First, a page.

Even though natural disasters might not occur very often, ARA Insurance Preferred Agent Jordan Clarke, CSRM, CWCA, vice president, Charles M. Moore Insurance Agency, Bowling Green, Ky., always brings up the topic with his insured clients.
Why? Because his clients live in an area where there is substantial risk of tornadoes and even earthquakes. “Our main concern is tornadoes as far as natural disasters,” Clarke says, noting that during Dec. 10 and 11, 2021, Category EF-3 tornadoes struck western Kentucky, including the cities of Mayfield and Bowling Green, leaving death and massive destruction in their wake.
In addition, “we are in an earthquake zone. The New Madrid Fault Line is in western Kentucky and western Tennessee. It is considered a very active earthquake zone. Because of that, disaster preparedness comes up in conversations with my clients 100 percent of the time,” he says.
Typically, those conversations happen during annual policy renewals, but they also can take place during specific times of the year when threats might be more likely to happen.
“We talk about whether they have a written disaster plan in place, how they communicate that plan to their employees, whether they have another place to stage their operation in the event they have a total loss, etc.,” Clarke says. “When a disaster strikes, you have to know what to do and have a plan in place so everyone knows what to do. That means you need a plan in place that you and your employees have practiced.”
If a rental operation does not have a plan, Clarke offers a checklist and resources, including the Disaster Planning and Recovery Guide from the ARA Foundation, and others from ARA Insurance, the American Rental Association (ARA) and his agency.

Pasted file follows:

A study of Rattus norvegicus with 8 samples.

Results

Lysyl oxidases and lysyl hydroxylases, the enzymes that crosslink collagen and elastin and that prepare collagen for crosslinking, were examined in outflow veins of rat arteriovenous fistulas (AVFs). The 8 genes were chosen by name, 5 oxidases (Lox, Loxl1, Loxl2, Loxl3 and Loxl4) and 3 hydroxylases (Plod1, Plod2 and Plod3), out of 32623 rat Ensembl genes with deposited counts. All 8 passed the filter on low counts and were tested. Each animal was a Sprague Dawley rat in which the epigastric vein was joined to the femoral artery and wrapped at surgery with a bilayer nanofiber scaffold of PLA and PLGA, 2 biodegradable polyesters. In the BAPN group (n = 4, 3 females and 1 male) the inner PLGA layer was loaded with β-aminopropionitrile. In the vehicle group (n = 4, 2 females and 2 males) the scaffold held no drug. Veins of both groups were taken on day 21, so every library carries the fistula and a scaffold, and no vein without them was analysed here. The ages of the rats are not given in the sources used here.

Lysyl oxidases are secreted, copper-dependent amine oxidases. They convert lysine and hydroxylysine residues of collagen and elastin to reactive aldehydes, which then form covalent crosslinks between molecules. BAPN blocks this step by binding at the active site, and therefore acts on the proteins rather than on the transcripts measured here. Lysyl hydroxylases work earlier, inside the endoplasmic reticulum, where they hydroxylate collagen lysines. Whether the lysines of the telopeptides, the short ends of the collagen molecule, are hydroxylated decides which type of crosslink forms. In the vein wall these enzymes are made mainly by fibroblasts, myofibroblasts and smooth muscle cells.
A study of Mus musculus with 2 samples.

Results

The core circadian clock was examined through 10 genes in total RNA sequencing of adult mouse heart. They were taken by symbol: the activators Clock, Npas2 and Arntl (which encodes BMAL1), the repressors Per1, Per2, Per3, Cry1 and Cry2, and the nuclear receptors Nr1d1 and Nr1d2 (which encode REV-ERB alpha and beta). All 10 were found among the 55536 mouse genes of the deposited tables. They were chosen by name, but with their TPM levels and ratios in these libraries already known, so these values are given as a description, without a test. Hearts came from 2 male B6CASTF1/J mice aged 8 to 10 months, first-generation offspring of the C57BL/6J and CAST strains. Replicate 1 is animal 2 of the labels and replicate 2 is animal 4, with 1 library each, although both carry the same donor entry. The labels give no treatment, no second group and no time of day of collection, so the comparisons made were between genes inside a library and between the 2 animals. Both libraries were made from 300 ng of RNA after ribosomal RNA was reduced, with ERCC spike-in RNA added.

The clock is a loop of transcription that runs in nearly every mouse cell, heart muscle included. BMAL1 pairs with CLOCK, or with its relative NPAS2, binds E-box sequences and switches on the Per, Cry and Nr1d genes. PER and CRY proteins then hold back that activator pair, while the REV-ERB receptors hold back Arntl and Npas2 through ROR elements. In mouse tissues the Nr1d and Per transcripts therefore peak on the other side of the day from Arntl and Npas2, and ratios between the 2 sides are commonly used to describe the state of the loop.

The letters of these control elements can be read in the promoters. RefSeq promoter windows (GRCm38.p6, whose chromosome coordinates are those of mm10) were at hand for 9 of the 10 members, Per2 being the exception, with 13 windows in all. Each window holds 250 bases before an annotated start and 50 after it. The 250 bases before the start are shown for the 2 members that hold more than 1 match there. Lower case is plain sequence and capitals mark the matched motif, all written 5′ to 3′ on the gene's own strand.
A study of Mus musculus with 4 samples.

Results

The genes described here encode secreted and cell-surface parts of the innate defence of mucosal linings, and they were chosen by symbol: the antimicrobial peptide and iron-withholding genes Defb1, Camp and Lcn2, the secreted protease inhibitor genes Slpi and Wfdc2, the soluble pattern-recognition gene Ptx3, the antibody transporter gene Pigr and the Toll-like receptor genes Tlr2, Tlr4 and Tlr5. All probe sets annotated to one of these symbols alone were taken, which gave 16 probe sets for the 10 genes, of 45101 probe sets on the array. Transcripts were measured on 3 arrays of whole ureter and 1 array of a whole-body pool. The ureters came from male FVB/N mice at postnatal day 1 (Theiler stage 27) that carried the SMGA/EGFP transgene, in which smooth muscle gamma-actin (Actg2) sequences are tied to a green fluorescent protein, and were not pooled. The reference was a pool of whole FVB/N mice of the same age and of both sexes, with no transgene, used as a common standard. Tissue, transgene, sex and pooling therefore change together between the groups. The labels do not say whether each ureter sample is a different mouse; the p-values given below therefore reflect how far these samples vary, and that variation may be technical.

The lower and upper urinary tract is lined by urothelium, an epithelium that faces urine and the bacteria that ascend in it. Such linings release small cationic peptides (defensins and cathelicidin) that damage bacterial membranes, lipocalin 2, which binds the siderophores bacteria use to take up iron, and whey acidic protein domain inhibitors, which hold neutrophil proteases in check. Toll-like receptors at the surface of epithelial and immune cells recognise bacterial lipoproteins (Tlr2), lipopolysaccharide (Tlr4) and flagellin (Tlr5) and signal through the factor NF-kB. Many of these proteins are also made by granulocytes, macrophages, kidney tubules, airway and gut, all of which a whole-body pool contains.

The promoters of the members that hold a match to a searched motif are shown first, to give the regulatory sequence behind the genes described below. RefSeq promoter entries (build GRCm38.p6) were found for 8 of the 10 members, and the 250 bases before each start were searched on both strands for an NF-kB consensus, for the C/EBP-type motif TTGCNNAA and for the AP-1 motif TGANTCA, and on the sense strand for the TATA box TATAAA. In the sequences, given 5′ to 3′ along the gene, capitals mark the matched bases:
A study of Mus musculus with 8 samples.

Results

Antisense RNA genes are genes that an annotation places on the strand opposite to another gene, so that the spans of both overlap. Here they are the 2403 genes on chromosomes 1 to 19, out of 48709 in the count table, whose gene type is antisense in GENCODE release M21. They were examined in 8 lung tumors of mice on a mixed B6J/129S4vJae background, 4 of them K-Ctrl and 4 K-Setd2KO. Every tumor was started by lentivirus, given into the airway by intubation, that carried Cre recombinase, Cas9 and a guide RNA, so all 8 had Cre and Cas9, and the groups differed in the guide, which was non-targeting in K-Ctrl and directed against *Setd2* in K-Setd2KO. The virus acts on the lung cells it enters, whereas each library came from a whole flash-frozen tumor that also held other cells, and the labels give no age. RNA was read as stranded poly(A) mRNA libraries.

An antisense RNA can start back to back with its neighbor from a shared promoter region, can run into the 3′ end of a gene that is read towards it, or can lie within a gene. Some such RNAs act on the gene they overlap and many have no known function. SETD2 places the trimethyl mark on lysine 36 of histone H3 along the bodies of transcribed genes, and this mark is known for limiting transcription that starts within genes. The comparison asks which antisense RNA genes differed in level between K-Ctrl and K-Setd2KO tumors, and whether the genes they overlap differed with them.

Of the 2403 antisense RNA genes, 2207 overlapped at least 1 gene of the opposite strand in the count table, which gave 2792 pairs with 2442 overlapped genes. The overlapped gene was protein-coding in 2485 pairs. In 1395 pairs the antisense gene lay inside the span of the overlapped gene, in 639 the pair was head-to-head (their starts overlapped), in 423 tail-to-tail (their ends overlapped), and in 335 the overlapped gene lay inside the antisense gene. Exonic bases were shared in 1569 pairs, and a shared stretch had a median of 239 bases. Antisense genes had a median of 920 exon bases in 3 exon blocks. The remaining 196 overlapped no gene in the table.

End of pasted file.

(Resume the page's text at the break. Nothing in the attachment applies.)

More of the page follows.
“Every operation is different — their location, size, etc. A disaster plan is very much a tailor-made one. You have to go through this to be ready for when something happens. So, we bring in resources that help guide them through the process and get to that final plan,” he says.
Another critical part of the conversation is ensuring that proper coverages are in place, such as property replacement, debris removal, business income and blanket coverages.
“One of the biggest coverages that is so important is business income coverage, which will pay for the continuing fixed expenses that a business will have to pay even if they can’t operate their business. Another big one is replacement coverage. Property values have increased with the inflation of building materials. Both are huge issues we talk about with rental operators. We want to make sure they have enough coverage,” Clarke says.
Clarke, who has been an ARA Insurance preferred agent since 1997, knows that helping rental operators be prepared is only part of his job. Another vital aspect is to help rental operators after a disaster strikes.
“When a disaster hits, it is my job to be the liaison between the claim adjusters and other professionals to help rental operators receive the money they need. Most rental dealers don’t understand the language of insurance. It is our job to be their advocate when something like this happens. They are looking for the agent to be their right hand to help them through the process,” he says.
So for Clarke and other ARA Insurance preferred agents, it is about being there for clients throughout the entire arc of their business.
“As a risk management consultant, we look at things that could be potential claims and what we can change or mitigate so those things don’t happen. Rental operators don’t want to have claims. We want to make sure that we are discussing all that could happen so we can take action before it does,” Clarke says.